Photo by Jill Warren Lucas
Sunburst trout filet
Nearly four months after closing for major renovations
, the restaurant and lounge at Chapel Hill's Carolina Inn have traded spaces and reopened with a new look and name.
The Inn announced the planned renovation of Carolina Crossroads—now named Crossroads Chapel Hill
— in March at the institution's 90th anniversary celebration. The new digs look so different you might find yourself stopping in the hallway to reconsider your bearings. Conservatively clubby furnishings have yielded to a less formal, more contemporary elegance that trades white linen tablecloths for marble tabletops and understated Rosenthal china. While it should satisfy longtime patrons, the redesign is bound to make Crossroads attractive to younger diners who found the former setting stuffy, too.
Walls are gone, clearing out the lounge, which now opens onto one of the Triangle's most inviting lawns. The famous Front Porch, which will feature a few more Fridays on the Front Porch music events this season as well as Tailgate'Inn gatherings
during home UNC football games, is set with cozy dining tables and outdoor sofas and chairs.
As before, the fare focuses on regionally sourced ingredients prepared in a mostly Southern style, evidenced by a soft opening late last week. Diners can choose from the bar or restaurant menus, or a mix of each. The affordable all-day bar menu features "sharing jar" appetizers ($5 each or three for $14) like silky butterbean hummus with confit olive and "snacks" ($7–$12) such as the crispy fried green tomatoes topped with a tingly blend of horseradish sauce and crumbled blue cheese. "Plates" range from the Crossroads Salad ($8) to a six-ounce steakburger ($9) and BBQ shrimp po'boy ($12), making Crossroads a reasonable splurge.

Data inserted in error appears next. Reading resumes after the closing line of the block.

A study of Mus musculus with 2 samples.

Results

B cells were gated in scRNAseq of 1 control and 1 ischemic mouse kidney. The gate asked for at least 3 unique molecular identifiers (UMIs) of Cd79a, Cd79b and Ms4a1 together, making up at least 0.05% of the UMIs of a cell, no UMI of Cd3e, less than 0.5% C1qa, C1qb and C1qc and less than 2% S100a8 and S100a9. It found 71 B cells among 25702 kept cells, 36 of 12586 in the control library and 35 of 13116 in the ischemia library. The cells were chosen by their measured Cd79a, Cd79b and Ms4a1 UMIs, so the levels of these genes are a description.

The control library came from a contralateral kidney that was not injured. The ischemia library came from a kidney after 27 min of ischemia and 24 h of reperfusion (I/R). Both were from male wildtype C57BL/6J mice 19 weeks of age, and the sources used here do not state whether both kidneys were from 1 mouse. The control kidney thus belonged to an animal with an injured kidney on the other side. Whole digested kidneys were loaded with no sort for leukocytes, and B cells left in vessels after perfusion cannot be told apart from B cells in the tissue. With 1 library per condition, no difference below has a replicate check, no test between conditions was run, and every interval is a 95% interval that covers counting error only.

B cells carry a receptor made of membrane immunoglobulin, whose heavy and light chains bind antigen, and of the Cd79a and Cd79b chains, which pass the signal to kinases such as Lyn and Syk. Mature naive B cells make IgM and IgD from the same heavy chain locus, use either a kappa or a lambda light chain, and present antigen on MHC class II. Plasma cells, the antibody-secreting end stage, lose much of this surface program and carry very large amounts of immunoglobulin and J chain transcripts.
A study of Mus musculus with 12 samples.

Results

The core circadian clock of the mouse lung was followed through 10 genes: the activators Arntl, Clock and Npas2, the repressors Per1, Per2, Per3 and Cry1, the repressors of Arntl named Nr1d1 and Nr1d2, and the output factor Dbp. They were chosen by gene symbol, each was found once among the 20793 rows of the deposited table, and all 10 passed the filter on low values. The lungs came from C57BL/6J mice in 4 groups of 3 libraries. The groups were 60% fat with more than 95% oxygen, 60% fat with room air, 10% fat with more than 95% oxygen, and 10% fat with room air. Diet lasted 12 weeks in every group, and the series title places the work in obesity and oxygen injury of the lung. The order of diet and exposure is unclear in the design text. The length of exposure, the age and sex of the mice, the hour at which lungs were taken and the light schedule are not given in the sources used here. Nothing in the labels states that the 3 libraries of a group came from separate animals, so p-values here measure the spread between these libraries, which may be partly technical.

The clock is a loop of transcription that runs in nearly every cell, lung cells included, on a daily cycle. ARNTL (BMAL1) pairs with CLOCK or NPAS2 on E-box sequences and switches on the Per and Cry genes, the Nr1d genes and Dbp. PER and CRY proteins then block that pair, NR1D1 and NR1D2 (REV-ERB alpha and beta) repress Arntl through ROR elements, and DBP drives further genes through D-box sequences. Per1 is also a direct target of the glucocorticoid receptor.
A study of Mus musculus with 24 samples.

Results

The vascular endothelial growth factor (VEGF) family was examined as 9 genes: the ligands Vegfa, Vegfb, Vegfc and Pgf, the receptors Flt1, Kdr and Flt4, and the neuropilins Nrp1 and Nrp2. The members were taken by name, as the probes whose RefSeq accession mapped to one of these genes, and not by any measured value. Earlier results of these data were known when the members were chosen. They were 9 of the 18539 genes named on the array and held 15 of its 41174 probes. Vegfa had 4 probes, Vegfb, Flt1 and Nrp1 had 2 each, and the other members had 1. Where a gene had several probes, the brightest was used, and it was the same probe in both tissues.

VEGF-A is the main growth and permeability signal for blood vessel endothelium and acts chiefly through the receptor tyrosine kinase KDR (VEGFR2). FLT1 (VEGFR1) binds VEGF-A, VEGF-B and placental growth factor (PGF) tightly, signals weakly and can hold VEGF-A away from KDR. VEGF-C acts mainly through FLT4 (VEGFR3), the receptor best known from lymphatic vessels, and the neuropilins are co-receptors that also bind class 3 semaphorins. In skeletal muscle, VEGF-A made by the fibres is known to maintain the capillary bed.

The signature cocktails I tried, the Carolina Lemonade and Blackberry Fizz ($10 each), were not especially memorable, though the server was successful in suggesting wines to complement entrees chosen from the restaurant's dinner menu. A glass of Carletto Pinot Grigio ($9) was just right for the clean flavors of roasted apple, corn and Swiss chard with cider moonshine reduction. It supported a plump, perfectly cooked Sunburst trout filet ($22). And a robust pour of Belltown Cabernet Sauvignon ($10) was a good choice for cutting through the richness of the fork-tender short rib pot roast with lightly roasted fall vegetables ($24).
There are plenty of other temptations on the menu, including vegetarian-friendly mushroom-and-Carolina-Gold-rice cakes with stewed pigeon peas, pumpkin and braised kale ($18) and wild boar meatloaf with buttermilk smashed potatoes and charred carrots ($23). Next time...
You'll be able to boast of extraordinary resolve if you're able to push away the dessert menu ($5–$10) without placing an order. We were unable to resist the gingery pear crisp topped with a quenelle of sorghum-butter pecan ice cream and pistachio pie garnished with mascarpone and a drizzle of the inn's signature honey.
Crossroads is still led by Executive Chef James Clark, who is as happy with the $400,000 behind-the-scenes improvements in the kitchen as he is with the splendid dining room. New refrigerators have been installed and the work flow improved to serve hotel guests and diners who should fill the added seats. The kitchen was closed three days longer than planned because the 40-year-old ventilation system's replacement needed a new steel infrastructure to support its weight.
"It was frustrating, but it's great now," Clark said while surveying the meals, many of them cooked on his favorite battered old pans."We couldn't get rid of those. That's where all the goodness comes from."